I recently had the time of my life travelling down the west coast of France in a campervan, stopping off at numerous harbours, beach towns and cities to try the cuisine.
My partner and I are self-confessed foodies, so a road trip pretty much centred around eating cheese and drinking wine was perfect for us.
It should come as no surprise then that, as much as I love Leyland, I wasn’t particular enthusiastic about having to come back to my hometown after only two weeks of living the dream.
I missed the barbecued prawns, seafood soups, juicy steaks and sparkling wine.
So when my cousin Nicola and I were arranging a night out in Leyland on my return, I thought it would be an ideal opportunity to try out the Original Bistro French on Chapel Brow.
It was a Friday night and we arrived at about 9pm - a little late for us, but we’d been to Coppers Tea Rooms for Cocktails in Teapots first – and were surprised to find we were the only two in there!
Our waitress – who ended up doubling up as our chef – asked us which table we wanted, and lit a candle for us. Very romantic (sorry Jack, maybe next time).
We ordered a bottle of house red to share, and it really hit the spot.
We were also given really large wine glasses, which I love, and it immediately took me back to Bordeaux.
There’s an extensive wine list of reds, whites and rosés, although not all are from France, with choices from Italy, Spain, Australia and New Zealand too.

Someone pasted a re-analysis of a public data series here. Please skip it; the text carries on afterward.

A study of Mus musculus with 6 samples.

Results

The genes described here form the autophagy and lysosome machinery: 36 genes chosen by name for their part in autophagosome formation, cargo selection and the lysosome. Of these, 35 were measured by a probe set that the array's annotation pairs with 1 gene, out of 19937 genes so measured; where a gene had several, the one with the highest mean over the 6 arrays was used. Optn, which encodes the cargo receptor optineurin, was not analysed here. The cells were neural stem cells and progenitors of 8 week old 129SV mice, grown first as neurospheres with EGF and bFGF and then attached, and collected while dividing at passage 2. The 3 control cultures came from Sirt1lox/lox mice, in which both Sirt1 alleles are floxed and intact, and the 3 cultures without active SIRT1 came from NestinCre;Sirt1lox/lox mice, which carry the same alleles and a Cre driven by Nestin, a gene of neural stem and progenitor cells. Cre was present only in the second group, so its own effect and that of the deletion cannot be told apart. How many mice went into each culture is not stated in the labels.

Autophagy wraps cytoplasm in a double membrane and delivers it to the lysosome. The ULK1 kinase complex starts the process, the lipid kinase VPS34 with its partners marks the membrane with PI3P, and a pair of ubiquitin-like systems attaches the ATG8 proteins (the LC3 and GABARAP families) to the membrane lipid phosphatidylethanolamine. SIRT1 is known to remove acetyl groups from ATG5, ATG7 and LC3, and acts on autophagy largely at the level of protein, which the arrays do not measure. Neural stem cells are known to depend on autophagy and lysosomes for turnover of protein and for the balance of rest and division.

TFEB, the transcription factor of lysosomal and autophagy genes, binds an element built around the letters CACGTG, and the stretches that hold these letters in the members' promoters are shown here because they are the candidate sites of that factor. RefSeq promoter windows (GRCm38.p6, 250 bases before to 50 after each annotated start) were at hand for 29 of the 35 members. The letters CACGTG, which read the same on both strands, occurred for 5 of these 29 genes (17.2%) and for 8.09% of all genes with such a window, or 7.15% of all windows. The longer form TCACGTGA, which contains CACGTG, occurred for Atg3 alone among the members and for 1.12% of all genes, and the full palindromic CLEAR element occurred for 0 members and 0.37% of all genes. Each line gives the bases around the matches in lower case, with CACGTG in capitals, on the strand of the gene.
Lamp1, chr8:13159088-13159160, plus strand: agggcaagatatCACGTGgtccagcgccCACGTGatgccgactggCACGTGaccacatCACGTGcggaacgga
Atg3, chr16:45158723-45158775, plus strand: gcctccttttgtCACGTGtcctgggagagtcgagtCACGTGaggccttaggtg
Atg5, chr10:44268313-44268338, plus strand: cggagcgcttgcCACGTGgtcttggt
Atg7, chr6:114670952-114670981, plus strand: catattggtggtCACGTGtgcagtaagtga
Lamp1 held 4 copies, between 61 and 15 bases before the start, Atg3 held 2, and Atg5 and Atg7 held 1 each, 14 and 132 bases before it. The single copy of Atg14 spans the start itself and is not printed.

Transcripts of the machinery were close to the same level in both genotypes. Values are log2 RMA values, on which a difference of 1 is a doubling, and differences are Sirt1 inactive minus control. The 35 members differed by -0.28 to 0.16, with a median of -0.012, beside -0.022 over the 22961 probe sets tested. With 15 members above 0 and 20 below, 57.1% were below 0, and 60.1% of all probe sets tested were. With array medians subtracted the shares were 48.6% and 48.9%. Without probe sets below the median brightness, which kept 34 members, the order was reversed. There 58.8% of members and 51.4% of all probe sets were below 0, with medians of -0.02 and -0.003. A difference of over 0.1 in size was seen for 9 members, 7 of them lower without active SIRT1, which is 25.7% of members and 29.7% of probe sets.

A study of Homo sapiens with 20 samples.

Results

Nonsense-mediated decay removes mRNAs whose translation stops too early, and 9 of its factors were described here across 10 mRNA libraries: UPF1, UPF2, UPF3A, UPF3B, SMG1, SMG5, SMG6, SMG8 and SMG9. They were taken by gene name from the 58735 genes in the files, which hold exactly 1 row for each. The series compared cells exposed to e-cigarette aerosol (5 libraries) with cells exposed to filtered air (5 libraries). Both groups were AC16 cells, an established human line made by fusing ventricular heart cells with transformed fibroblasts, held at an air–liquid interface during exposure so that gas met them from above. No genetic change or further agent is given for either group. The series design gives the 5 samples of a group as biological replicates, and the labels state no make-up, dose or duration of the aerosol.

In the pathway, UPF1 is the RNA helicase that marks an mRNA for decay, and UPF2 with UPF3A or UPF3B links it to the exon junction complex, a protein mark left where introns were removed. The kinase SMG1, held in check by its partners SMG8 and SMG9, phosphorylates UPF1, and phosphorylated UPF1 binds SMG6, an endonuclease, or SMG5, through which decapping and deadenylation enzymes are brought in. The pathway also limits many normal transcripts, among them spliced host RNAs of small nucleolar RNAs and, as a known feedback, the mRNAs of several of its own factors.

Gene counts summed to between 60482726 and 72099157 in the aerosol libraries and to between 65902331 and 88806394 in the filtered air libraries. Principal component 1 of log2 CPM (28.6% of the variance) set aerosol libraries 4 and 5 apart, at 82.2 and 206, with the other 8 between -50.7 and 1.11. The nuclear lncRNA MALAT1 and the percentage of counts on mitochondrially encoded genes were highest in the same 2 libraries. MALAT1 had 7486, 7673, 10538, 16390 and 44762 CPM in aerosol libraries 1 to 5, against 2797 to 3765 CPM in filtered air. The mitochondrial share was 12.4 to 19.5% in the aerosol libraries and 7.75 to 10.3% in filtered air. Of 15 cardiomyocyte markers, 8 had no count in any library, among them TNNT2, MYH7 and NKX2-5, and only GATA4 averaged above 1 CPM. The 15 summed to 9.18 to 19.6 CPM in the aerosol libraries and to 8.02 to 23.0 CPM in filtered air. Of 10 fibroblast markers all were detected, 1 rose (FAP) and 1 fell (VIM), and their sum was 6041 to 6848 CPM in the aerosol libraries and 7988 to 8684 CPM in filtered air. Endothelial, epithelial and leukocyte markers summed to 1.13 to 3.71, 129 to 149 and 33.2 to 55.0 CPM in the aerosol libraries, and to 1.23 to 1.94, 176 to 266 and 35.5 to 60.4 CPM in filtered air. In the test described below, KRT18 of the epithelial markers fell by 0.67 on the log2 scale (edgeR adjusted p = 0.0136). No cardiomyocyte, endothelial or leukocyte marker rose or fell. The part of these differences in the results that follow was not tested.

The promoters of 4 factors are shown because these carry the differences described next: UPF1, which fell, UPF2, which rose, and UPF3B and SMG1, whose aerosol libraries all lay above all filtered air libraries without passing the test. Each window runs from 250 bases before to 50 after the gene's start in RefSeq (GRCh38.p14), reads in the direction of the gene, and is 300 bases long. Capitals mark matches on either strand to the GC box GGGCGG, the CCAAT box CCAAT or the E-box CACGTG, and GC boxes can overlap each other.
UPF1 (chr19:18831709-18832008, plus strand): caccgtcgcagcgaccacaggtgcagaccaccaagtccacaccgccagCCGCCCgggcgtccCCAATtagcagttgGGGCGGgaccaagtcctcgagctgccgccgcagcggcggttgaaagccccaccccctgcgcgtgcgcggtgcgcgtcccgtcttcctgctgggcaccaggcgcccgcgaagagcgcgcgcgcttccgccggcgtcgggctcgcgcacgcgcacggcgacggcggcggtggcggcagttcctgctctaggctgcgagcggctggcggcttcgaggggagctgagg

We browsed the menu and both opted for choices from the a la carte menu.
(The table d’hote menu is available Sunday to Thursday, and is £10.95 for two courses or £12.95 for three).
For our starters, we both had smoked salmon.
Mine was served with cracked black pepper, lemon and fresh bread (£5.20), and Nicola’s was a smoked salmon and feta cheese salad drizzled with a French vinaigrette dressing (£6.20).
Both came with a colourful, beautifully presented salad of peppers, tomatoes, cucumbers and leaves, and were very refreshing and tasty.
They weren’t too filling either, leaving plenty of room for our main courses. Nicola went for “creol pan fried – freshwater king prawns (shell off) and jumbo peeled scampi, pan fried with onions, peppers and rice cooked in a rich and spicy tomato based sauce with added chillies” (£13.50).
As it turns out, they had run out of scampi, so made sure to give her extra prawns, which she was happy with.
My choice was beef stroganoff – “thin slices of fillet steak cooked with onions, mushrooms and paprika, flambéed with brandy and cream, served with rice” (£14.95).
We both thoroughly enjoyed our meals, which were delicious and filling.
The service was excellent, as you’d expect from a near-empty restaurant – it turns out the rest of the staff had been sent home after they’d finished with a large party earlier that evening.
And while the experience didn’t quite compare to sitting outside in the sunshine next to a marina in France, the food actually came pretty close to that I’d eaten on my holiday.
Jack and I have already started talking about returning to the country, but for now, I think regular trips to the Original Bistro French will whet our appetite.